How effects on health equity are assessed in systematic reviews of effectiveness

Health in all countries of the world is unevenly and, to some extent, unfairly distributed according to socioeconomic position. Health and longevity are highest for the richest, and decrease steadily with decreasing socioeconomic status. Avoidable and unfair inequalities have been termed health inequities. Enhancing health equity has now achieved international political importance with endorsement from the World Health Assembly in 2009.  The failure of systematic reviews to consider effects on health equity is cited by decision-makers as a limitation.  Hence, there is a need for guidance on the advantages and disadvantages of how to assess effects on health equity in systematic reviews.

This review identified thirty-four methodological studies in which collections of systematic reviews were examined.  We identified four methodological approaches to assess the effects on health equity, a descriptive assessment in the reviews, a descriptive assessment of the trials included in the reviews, analytic approaches, and applicability assessment. However, the most appropriate way to address any of these approaches is unclear. There is a need for methodological guidance on how to assess effects on health equity in systematic reviews.  Analysis of particular groups of populations need to be justified and reported in sufficient detail to allow their credibility to be assessed. There is a need for improved transparency of judgments about applicability and relevance to disadvantaged populations.

Authors' conclusions: 

There is a need for improvement in conceptual clarity about the definition of health equity, describing sufficient detail about analytic approaches (including subgroup analyses) and transparent reporting of judgments required for applicability assessments in order to assess and report effects on health equity in systematic reviews.


Enhancing health equity has now achieved international political importance with endorsement from the World Health Assembly in 2009.  The failure of systematic reviews to consider effects on health equity is cited by decision-makers as a limitation to their ability to inform policy and program decisions.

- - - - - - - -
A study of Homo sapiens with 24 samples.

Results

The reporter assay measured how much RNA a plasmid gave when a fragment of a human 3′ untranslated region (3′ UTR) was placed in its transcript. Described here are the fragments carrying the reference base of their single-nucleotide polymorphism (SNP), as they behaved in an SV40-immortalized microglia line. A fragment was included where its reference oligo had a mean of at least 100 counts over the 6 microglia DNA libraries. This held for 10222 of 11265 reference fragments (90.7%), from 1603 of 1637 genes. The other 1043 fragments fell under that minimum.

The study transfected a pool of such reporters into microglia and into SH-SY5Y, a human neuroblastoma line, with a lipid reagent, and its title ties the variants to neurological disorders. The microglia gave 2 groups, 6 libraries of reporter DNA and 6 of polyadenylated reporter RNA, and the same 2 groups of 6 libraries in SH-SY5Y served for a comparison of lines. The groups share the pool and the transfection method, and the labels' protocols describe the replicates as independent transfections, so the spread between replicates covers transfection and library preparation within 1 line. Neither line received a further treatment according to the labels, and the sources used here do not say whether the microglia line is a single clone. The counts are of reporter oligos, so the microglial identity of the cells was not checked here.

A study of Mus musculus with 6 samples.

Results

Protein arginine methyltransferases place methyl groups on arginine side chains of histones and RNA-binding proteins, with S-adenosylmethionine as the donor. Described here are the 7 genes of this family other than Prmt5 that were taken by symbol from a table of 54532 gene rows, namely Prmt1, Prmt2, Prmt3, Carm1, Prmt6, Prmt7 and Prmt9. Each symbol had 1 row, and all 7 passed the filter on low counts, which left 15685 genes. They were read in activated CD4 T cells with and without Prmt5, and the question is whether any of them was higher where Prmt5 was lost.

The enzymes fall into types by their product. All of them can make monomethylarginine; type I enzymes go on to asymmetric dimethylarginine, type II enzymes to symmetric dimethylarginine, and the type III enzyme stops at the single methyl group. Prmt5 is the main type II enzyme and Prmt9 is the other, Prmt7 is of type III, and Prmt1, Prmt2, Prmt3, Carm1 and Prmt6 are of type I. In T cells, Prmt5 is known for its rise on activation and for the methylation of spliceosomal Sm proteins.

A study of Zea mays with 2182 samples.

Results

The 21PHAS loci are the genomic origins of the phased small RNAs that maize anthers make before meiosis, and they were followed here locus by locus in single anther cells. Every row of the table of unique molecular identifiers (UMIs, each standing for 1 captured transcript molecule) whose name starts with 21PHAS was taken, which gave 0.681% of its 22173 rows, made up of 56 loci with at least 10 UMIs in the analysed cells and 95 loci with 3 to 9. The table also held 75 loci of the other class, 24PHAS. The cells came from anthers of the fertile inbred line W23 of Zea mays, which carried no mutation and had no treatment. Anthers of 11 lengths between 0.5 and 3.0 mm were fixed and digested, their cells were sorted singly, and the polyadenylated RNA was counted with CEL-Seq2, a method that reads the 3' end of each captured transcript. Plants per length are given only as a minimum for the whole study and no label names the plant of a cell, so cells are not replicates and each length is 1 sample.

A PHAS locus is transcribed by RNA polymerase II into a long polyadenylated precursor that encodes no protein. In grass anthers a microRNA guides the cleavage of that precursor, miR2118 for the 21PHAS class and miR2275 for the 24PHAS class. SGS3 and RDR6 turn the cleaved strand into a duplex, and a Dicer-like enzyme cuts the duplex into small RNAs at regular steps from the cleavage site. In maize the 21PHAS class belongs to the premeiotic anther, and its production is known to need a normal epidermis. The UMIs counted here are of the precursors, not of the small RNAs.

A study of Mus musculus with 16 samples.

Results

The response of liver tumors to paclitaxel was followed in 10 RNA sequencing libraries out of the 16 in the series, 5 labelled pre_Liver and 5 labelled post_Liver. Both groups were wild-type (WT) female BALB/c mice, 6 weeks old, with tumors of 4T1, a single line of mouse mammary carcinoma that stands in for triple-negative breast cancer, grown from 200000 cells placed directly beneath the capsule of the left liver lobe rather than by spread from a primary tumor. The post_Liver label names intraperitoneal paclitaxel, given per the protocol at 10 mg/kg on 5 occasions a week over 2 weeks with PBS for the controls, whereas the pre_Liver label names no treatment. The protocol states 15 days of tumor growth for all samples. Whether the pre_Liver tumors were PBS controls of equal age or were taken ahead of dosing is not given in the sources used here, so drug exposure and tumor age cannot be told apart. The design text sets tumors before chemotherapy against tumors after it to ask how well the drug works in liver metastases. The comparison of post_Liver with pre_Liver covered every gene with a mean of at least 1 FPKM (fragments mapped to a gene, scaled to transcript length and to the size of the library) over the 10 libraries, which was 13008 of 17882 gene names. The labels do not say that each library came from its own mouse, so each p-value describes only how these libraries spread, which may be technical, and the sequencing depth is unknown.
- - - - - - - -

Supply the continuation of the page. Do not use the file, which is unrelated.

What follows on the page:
Objectives: 

To systematically review methods to assess effects on health equity in systematic reviews of effectiveness.

Search strategy: 

We searched the following databases up to July 2 2010: MEDLINE, PsychINFO, the Cochrane Methodology Register, CINAHL, Education Resources Information Center, Education Abstracts, Criminal Justice Abstracts, Index to Legal Periodicals, PAIS International, Social Services Abstracts, Sociological Abstracts, Digital Dissertations and the Health Technology Assessment Database. We searched SCOPUS to identify articles that cited any of the included studies on October 7 2010.

Selection criteria: 

We included empirical studies of cohorts of systematic reviews that assessed methods for measuring effects on health inequalities.

Data collection and analysis: 

Data were extracted using a pre-tested form by two independent reviewers. Risk of bias was appraised for included studies according to the potential for bias in selection and detection of systematic reviews

Main results: 

Thirty-four methodological studies were included.  The methods used by these included studies were: 1) Targeted approaches (n=22); 2) gap approaches (n=12) and gradient approach (n=1).  Gender or sex was assessed in eight out of 34 studies, socioeconomic status in ten studies, race/ethnicity in seven studies, age in seven studies, low and middle income countries in 14 studies, and two studies assessed multiple factors across health inequity may exist.

Only three studies provided a definition of health equity. Four methodological approaches to assessing effects on health equity were identified: 1) descriptive assessment of reporting and analysis in systematic reviews (all 34 studies used a type of descriptive method); 2) descriptive assessment of reporting and analysis in original trials (12/34 studies); 3) analytic approaches (10/34 studies); and 4) applicability assessment (11/34 studies). Both analytic and applicability approaches were not reported transparently nor in sufficient detail to judge their credibility.